Welcome To Night Vale UK Tour – 29/30/15
I’ll be honest here: I haven’t been keeping up with Night Vale after listening to the first 40 or so episodes. So I know the basic gist of the show and major developments (all the way up to Desert Bluffs and the major developments in Carlos and Cecil’s relationship), but already forgot most of the details.
So you would understand why it was with some trepidation that I stepped up to the (very perfect location) Union Chapel before the show afraid that it would be heavily reliant on the fanbase’s rabid knowledge of the show, up to date. Already I was beginning to worry when I showed up in a black hoodie and jeans, my usual attire as compared to the throngs of purple haired, purple socked fans decked out in official merchandise. The best costume of the night was probably a guy dressed up as the Glow Cloud, swathed in cottony material, with lights pulsating eerily from underneath.
For the uninitiated, Night Vale exploded onto the internet via Tumblr (as all good things do, alongside awful memes). It’s a podcast set in the fictitious American town of Night Vale, where strange things happen every day and no one bats an eye. The podcast is narrated by community radio DJ Cecil (Cecil Baldwin), who talks about the town’s happenings, such as mayoral elections, varsity, traffic, and the weather. There’s a twist though – Night Vale has floating cats, four headed dragons, hypnotic glow clouds and a whole cast of other supernatural characters. It’s simultaneously laugh out loud and scary as hell, and above all, extremely smart.
It’s hard to imagine a podcast doing better on stage than on the airwaves, after all, the soundwaves were its original medium of choice. And yet, Night Vale surprised me yet again, and put all my fears mentioned above to rest. Audience members needed only a minimal amount of knowledge about the show to truly enjoy it – i.e. The brief summary I gave above, and with a few tidbits in between for the more hardcore fans.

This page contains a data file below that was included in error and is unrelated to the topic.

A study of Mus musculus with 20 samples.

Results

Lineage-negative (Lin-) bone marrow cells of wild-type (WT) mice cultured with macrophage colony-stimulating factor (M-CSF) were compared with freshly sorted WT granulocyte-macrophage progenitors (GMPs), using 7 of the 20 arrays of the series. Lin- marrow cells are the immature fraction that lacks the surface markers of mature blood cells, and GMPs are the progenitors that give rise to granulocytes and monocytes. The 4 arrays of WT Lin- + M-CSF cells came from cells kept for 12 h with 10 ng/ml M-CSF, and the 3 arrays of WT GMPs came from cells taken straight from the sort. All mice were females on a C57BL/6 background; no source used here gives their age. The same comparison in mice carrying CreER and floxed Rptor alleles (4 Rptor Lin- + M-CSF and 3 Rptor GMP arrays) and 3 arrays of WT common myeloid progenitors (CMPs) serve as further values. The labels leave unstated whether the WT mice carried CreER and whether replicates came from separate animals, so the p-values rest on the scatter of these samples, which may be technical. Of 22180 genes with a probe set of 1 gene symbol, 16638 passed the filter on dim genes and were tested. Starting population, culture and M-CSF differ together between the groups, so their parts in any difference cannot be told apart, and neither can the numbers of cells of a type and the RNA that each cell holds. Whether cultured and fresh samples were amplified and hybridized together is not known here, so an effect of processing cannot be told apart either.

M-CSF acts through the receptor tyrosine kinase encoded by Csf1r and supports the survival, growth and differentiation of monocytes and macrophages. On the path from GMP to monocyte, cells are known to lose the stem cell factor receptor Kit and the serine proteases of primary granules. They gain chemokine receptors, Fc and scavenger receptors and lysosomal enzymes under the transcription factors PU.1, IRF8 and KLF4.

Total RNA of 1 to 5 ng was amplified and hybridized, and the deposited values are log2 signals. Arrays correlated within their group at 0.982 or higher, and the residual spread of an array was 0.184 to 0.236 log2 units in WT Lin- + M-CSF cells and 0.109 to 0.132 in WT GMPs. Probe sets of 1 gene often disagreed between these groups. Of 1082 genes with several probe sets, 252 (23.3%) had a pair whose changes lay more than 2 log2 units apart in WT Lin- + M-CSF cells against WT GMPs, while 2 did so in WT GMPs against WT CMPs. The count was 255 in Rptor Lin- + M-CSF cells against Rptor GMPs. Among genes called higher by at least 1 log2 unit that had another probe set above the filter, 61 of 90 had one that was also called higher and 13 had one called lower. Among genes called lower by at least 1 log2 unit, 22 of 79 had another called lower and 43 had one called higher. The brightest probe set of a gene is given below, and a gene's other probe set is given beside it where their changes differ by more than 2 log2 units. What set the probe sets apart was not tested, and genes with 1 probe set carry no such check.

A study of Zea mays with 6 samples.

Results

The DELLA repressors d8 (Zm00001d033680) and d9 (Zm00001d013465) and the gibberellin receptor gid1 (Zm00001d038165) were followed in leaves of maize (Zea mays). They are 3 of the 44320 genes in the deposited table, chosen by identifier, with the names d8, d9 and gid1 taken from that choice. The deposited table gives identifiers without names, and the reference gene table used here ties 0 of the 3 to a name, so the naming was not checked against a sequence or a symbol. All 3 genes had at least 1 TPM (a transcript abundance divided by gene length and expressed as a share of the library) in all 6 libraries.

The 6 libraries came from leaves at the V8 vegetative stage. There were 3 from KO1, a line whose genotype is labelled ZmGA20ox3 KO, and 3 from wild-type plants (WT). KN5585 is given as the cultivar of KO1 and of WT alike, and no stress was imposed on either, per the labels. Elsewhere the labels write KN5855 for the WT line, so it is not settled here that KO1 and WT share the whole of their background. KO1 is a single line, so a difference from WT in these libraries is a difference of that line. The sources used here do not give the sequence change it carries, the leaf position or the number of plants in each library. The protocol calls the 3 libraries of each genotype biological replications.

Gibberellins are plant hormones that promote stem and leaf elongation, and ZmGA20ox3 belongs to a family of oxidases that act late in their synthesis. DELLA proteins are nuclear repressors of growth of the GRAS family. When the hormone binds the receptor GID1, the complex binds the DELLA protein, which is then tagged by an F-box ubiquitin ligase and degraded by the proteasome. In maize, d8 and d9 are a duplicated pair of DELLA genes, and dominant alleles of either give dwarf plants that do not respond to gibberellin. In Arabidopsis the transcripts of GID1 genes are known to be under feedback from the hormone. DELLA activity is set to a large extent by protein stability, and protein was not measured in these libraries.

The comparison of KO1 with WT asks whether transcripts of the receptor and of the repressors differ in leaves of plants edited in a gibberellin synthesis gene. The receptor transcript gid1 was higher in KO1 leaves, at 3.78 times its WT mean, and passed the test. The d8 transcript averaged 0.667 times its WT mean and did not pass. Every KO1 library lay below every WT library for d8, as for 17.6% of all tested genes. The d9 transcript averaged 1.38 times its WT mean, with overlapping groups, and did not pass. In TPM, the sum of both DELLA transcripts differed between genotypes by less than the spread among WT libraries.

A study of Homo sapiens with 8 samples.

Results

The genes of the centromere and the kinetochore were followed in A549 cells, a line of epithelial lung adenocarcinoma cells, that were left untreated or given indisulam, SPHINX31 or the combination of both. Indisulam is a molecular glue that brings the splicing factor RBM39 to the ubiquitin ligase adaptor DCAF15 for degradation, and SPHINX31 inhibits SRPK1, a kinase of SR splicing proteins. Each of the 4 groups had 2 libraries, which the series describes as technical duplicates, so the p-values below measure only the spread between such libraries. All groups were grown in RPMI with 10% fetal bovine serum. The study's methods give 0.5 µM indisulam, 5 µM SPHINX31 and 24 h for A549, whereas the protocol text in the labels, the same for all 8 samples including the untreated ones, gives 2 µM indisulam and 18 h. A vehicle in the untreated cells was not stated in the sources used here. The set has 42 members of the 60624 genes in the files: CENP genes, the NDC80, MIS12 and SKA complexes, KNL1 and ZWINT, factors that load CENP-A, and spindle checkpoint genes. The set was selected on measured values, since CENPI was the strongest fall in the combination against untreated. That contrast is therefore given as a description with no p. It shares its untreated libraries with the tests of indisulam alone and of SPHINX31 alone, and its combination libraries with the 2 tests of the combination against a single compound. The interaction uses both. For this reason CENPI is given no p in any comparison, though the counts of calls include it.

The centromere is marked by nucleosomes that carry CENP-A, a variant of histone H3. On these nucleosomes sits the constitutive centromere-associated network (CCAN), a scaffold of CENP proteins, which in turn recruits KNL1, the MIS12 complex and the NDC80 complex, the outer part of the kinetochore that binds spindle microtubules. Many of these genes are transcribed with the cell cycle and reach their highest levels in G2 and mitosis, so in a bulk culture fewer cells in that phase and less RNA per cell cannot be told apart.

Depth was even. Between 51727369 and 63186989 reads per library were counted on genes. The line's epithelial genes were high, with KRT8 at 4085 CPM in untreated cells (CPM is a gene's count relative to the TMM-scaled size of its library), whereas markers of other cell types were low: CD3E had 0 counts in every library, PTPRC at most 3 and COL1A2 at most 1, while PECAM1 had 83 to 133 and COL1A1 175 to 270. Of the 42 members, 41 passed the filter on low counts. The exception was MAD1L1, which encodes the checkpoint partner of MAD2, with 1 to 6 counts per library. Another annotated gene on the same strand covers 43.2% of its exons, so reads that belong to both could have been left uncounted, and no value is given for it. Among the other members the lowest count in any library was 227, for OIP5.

The show opened with opening act Jason Webley (who later on appears as a guest on the show), showcasing a very different kind of music, what with his foot stomping and mad vocals. Webley joked that the audience could voice their displeasure that this was not what they paid for (Said Webley: “You can yell ‘This is an outrage!’”) and started off the night on the right note. The plot of this year’s tour follows the discovery of a murderer in the midst of Night Vale, and the government has decided to solve it by putting all citizens into the rec center for a murder mystery dinner theatre, save for Cecil, who has an alibi by being in the radio booth at the time of the murders. Along the way, guests tunnel in, appear mysteriously and die offscreen (technically speaking), and involves minimal, completely voluntary audience participation, making for a very fun night.
I won’t spoil too much of the show for you, but suffice to say, Night Vale Live exceeded all my expectations, and truly showed what a live performance can do to improve a show. It’s that human contact that makes all the difference, and an absolute joy to see the faces of the actors one is so used to just hearing, making meta-jokes and with priceless expressions (so much love for Cecil Baldwin). If Night Vale’s in town, do yourself a favour and get a ticket. Just be prepared to queue early for front row seats, and an unforgettable experience.